Browsing named entities in Rebellion Record: a Diary of American Events: Poetry and Incidents., Volume 3. (ed. Frank Moore). You can also browse the collection for Richmond (Virginia, United States) or search for Richmond (Virginia, United States) in all documents.

few. Yet the purpose remained. Thrice in the spring of the following year did Dupont, his lieutenant, attempt to complete the discovery. Thrice he was driven back by adverse winds, and at the third time his vessel was wrecked. Poutrincourt, who had visited France, and was now returned with supplies, renewed the design; but meeting with disasters on the shoals of Cape Cod, he, too, returned to Port Royal. Thus the first settlement on the American Continent had been made--two years before James River was discovered, and three years before a cabin had been raised in Canada. The name of Dupont in connection with a naval expedition at Port Royal, in 1605, and with another and greater two hundred and fifty years later, is one of those curious coincidences in which the muse of history loves to indulge. If the first had succeeded in his efforts to possess the New England shores, who can tell what would have been the effect upon the destinies of this continent? If the second had failed
Anecdote of Floyd.--The following anecdote is told of Floyd, the great Virginian: A few years since a gentleman residing in Richmond, Va., gave a large dinner party to some distinguished men, among whom was Floyd, then a rising man, but whose personal appearance indicated neither mental nor physical superiority, he being a pursy, dark-complexioned man, with crispy, wiry hair. Among the distinguished guests were two Indian chiefs, returning from a visit to their Great father, the President — magnificent specimens of their race. Floyd, thinking to compliment them and make them at their ease, told them in a condescending manner, that he could boast of Indian blood in his veins, being a descendant of Pocahontas. One of the chiefs, drawing him-self up majestically and disdainfully, and with a look of contempt upon his noble countenance, said in broken English, Ugh! No! No! nigur! Nigur! The confusion and dismay of Floyd was complete, and it required all the boasted politeness of R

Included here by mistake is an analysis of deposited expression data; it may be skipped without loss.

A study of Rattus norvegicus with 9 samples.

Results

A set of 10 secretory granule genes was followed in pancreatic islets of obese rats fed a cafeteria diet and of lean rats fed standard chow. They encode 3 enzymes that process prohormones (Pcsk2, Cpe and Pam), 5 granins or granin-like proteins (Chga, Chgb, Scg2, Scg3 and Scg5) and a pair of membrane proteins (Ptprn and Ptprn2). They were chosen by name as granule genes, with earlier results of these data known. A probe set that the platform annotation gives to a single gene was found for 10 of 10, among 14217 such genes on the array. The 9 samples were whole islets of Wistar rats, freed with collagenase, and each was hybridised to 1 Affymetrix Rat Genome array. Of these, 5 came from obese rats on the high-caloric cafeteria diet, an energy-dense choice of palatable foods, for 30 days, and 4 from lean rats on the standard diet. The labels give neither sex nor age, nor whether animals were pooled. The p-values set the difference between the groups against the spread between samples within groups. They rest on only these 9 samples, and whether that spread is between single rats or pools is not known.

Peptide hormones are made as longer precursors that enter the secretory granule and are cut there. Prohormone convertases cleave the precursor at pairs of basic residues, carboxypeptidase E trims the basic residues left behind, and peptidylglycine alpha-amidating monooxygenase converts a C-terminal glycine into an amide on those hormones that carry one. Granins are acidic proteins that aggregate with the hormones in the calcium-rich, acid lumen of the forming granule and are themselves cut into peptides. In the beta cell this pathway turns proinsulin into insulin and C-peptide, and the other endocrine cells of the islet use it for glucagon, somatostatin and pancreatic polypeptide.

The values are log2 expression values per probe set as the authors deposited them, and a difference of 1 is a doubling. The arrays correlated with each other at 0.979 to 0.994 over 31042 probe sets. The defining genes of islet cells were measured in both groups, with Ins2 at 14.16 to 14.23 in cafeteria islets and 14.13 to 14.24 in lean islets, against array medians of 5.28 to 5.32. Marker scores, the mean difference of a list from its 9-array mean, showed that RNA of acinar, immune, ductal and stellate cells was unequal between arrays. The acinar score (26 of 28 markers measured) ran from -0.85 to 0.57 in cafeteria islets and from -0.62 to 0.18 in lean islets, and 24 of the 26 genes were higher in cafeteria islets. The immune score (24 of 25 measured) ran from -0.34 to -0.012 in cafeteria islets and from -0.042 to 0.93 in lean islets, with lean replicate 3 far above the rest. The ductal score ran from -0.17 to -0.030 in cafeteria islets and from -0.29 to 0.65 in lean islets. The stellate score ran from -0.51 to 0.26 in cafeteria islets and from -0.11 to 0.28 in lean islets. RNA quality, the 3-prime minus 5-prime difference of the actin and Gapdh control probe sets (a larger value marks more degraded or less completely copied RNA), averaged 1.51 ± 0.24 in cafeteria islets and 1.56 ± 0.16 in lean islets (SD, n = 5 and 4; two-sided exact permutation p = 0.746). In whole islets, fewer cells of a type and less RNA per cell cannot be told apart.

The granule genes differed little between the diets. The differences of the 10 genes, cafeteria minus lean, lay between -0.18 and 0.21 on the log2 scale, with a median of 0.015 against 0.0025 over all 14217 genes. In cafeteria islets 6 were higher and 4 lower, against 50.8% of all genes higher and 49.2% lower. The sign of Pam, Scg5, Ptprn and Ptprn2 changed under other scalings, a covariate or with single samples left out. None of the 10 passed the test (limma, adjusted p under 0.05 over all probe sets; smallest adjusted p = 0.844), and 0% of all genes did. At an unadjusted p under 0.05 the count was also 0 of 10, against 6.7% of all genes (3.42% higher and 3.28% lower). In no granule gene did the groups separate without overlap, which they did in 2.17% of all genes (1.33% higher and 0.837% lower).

A letter from Richmond, Va., dated Dec. 12, says: The object of the Nashville's visit to Europe appears to puzzle Lincoln and his friends to a considerable degree. Certainly there must be something intended of importance, something to damage them, or the undertaking to run the blockade and proceed across the Atlantic would not have been adventured. The taking out of Confederate naval officers, wherewith to supply commanders for first-class frigates to be purchased in Europe, does not seem a perfectly satisfactory explanation. Those who know Captain Pegram would not be surprised to hear of any brilliant achievement being performed by him, of which the Nashville is capable, before he reports himself again to the Navy Department in this city. If the good people of some New England seaport town should wake up one of these fine mornings, and find their homes in flames, they may console themselves with reading of the exploits of one John Paul Jones of the long, long ago. It is
An old Offender.--Wm. H. Ross, a well-known colored man of Richmond, Va., was hailed by the night watch, and responded by running off. He was caught, however, and the Mayor ordered him thirty-nine, and to be confined. The negro in question is called an old offender by the police, and has, through their instrumentality, been ordered 1,000 lashes in the course of a not very extended life.--Richmond Dispatch, Dec. 23.
On the 9th of December, the Confederate States Court at Richmond, Va., decided in the case of Elken & Bros., of Mobile, that no change of citizenship after the commencement of hostilities can protect the property of an alien enemy from sequestration.--Buffalo Courier, Dec. 19.